Design Patterns for Cloud-Hosted Applications

| by Jan Stenberg Follow 34 Followers on Feb 11, 2014. Estimated reading time: 1 minute |

The patterns & practices group at Microsoft recently released a guide with suggested solutions and patterns suitable when implementing cloud-hosted applications. The guide discusses the problems different patterns address together with benefits and possible downsides. The ambition from the group has been to provide guidance for distributed systems irrespective of cloud platform even though the examples given are targeting Windows Azure.

Using feedback from the developer community, the group has identified eight categories of problems they believe cover the most common areas in cloud application development:

For each of these categories, the group have created guidance and documented common patterns to help developers in solving problems they regularly encounter.

The guide contains ten primer and guidance topics providing basic knowledge and good practice techniques, each covering one aspect of application development and targeting one of the categories. Topics covered include Asynchronous Messaging, Caching and Data Consistency.

Also included are 24 design patterns that the group have found useful in cloud-hosted applications, each pattern belonging to one or more of the categories described. Examples of patterns included are Compensating Transaction, Command and Query Responsibility Segregation (CQRS) and Pipes and Filters. Each pattern is described in a common format with the context and problem where the pattern applies, the solution given by the pattern together with issues and considerations for applying the pattern. An example for the Azure is also provided for each pattern.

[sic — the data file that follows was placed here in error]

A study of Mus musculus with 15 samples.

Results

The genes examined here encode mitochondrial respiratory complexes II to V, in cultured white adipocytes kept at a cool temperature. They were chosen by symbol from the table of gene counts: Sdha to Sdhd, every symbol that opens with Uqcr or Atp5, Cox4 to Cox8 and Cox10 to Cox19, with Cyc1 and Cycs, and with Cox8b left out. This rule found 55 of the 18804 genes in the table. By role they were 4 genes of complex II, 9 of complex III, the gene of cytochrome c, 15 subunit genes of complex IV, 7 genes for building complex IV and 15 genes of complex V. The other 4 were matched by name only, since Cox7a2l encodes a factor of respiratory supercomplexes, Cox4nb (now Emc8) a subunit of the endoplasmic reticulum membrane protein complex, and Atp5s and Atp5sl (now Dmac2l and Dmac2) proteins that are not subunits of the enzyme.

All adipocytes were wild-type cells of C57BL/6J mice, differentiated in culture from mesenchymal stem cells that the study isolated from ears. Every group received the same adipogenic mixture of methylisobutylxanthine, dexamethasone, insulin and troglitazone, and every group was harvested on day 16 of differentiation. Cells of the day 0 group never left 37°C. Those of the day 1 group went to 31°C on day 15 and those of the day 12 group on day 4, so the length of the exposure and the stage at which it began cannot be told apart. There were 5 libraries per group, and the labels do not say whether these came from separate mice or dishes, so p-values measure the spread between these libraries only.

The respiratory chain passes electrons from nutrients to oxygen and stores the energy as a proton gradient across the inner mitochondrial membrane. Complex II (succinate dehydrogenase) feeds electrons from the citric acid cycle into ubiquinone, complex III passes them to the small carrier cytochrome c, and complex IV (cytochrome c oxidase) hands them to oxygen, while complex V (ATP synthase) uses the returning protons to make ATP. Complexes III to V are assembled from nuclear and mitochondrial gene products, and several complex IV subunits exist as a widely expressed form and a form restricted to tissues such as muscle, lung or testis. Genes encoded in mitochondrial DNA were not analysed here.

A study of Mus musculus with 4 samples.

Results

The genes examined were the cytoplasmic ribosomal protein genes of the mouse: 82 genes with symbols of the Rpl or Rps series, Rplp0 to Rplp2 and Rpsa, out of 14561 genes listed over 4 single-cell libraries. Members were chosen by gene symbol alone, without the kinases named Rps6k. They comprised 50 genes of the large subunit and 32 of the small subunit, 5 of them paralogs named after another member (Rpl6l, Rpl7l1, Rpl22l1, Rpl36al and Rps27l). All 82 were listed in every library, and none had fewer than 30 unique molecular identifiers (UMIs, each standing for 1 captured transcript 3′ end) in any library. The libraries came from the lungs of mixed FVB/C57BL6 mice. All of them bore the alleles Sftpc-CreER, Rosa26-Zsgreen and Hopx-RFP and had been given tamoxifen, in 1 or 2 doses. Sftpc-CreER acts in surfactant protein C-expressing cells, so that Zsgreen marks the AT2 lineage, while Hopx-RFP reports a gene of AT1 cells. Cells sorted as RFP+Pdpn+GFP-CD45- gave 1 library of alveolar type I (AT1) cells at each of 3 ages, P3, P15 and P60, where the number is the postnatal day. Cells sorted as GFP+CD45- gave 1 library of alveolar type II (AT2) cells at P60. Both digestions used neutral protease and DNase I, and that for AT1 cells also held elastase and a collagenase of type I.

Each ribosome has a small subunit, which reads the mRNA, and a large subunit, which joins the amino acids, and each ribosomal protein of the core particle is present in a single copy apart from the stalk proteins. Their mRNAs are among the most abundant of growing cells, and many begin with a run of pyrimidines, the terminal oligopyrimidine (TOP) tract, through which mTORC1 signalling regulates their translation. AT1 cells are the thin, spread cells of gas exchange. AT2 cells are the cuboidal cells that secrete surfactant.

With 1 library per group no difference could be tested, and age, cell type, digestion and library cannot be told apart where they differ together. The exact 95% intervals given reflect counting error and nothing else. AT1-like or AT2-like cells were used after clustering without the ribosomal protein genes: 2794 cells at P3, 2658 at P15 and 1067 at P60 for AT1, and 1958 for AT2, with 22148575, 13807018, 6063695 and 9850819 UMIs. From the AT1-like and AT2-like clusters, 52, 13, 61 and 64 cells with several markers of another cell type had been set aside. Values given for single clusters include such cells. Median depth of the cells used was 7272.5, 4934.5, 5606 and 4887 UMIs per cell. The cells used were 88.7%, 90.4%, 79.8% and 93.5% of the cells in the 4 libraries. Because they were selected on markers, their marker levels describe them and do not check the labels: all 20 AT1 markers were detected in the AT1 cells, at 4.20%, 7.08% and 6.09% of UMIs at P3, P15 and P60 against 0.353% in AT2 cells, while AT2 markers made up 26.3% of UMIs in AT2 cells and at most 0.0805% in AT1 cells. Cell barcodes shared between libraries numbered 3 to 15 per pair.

To demonstrate the usage of the design patterns described the group has created ten sample applications with all source code available for download. The samples include one application concerning competing consumers retrieving messages from a service bus and one using filters simulating a pipeline.
The P & P group emphasizes that the examples are simplified and not designed for production usage.

Windows Azure is the cloud platform provided by Microsoft.